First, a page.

Arts and Entertainment

Beloved: Toni Morrison on Black Womanhood

Beloved by Toni Morrison often gets celebrated as one of the greatest American novels ever written

Beloved by Toni Morrison often gets celebrated as one of the greatest American novels ever written. I never knew the book told a ghost story, so I decided to add it to my list for the Womxn of Color Reading Challenge . Toni Morrison does not disappoint. Much like Sula, Beloved tells a story of Black womanhood, revealing in haunting detail its many pains.

Beloved tells the story of Sethe, a woman who escaped from the Sweet Home plantation with her four children.

Themes of Beloved

The novel had several themes that I think indicate what we can learn when we center Black women:

  • Spirituality
  • Family
  • History
  • Race and Racism
  • Femininity, Womanhood and Motherhood


Beloved is a historical novel. The eras depicted in it span from the right before the Civil War to a few years after it. Morrison also describes the geographic pathways slavery takes across the States. Sethe travels from Sweet Home Plantation in Kentucky to Cincinnati where her mother-in-law Baby Suggs lives as a free woman.

The multiple settings provide a complex landscape to see the nuanced approaches to Black labor in the slavery era. While Baby Suggs worked as a slaveowner in the South, in Cincinnati, she exchanged her labor for a house. Some Black men could find jobs for low pay doing industrial work.

Black Womanhood

I enjoy Toni Morrison’s novels because she makes Black womanhood the center of what she writes. In Beloved Morrison tells a story about Black motherhood, sisterhood, and love through Sethe’s relationships with other characters.

During slavery, Black women did not have the luxuries their labor afforded White women. For instance, Sethe was forced to give the milk her child needed to the slaveowner’s baby while her child cried in hunger.


Beloved comes filled with biblical references. I think these references help us see the Bible and spirituality in a more liberated manner than represented by the church.

For instance, Baby Suggs operated as a pastor for the free Black people who made Cincinnati their home. People would gather in the Clearing, a place in the forest, where she would urge them to seek healing through song, dance, and tears. Yet, Baby Suggs laments she cannot read like the preachers at church do. Still, she calls together people from her community to praise and worship. In moving testimony, Baby Suggs helps those who cannot read God, feel God instead.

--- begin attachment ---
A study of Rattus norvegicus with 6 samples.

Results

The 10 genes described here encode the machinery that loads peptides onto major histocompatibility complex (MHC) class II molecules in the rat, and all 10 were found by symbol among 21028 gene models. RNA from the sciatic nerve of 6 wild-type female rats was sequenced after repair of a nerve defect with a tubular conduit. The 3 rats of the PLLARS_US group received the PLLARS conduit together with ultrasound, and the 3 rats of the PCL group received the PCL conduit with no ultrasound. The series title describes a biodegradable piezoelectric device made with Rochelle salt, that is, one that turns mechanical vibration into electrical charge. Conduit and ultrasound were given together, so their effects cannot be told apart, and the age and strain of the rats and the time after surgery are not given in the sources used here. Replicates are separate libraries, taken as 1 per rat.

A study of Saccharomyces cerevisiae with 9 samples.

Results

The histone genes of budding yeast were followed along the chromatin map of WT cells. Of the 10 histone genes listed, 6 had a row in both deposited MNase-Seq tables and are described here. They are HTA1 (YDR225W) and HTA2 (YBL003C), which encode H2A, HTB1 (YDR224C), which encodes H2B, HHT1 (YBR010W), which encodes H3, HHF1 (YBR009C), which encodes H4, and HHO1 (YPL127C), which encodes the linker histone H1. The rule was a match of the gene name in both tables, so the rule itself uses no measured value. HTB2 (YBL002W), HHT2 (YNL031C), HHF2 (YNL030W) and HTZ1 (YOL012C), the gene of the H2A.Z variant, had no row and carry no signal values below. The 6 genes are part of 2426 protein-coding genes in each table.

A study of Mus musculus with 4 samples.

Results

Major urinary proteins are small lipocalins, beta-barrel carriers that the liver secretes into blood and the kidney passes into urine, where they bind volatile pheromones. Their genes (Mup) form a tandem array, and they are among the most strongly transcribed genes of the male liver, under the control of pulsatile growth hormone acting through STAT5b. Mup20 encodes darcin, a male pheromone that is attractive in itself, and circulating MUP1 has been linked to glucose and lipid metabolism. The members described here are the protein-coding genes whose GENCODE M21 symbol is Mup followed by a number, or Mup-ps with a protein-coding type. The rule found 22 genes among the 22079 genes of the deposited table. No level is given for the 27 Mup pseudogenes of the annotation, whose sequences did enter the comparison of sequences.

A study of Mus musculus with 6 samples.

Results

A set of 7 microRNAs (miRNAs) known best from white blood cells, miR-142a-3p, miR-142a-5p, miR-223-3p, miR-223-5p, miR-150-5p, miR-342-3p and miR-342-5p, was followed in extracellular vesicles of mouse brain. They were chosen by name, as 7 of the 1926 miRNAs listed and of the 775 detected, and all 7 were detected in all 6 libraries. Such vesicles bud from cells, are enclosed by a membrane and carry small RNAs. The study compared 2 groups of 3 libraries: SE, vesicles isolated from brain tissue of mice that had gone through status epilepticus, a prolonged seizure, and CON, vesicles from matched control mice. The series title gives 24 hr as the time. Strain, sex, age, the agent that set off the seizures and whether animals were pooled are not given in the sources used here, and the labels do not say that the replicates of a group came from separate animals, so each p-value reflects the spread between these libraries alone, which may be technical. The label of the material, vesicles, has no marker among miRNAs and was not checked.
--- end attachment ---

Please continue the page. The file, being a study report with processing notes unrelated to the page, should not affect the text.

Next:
Beloved‘s characters help reveal the dynamics of Black family in a slave society. When Halle asks Sethe to marry him, Sethe expresses disappointment that she can not have a wedding. While slaveowners permitted marriage between slaves,they did not recognize it as legal binding since slaves had no rights.

Nevertheless, Sethe made her own wedding dress for the unofficial ceremony. Later in the novel, Morrison depicts how Sethe and Halle maintained conventional gender roles within their home. Even when legal institutions do not recognize it, Black family life exists.

Race and Racism

Morrison does not hesitate to depict the violence meant to break Black men during slavery. Morris speaks through Paul D, Sethe’s lover and former occupant of Sweet Home, to describe having an iron bit placed in his mouth. This device is typically used on animals, which shows slaves received no better treatment than animals.

Continuing the Womxn of Color Reading Challenge

There are likely a number of other themes. Since I learned about literary theory, I browse for scholarly articles about my favorite novels and novelists. Some of what I researched covered what I’m interested in.

For now I am still reading through Freedom is a Constant Struggle. I have also started Women, Race, and Class another book by Angela Davis. I consider Beloved a perfect precursor to Davis’s book because it starts with a history of Black women and slavery. I instantly recognized the historical references that paralleled scenes in Beloved.

If you haven’t read any of the above, I recommend adding them to your reading list. If you’re interested in joining the challenge,  click here for a list of 50 books on Black feminism to get you started.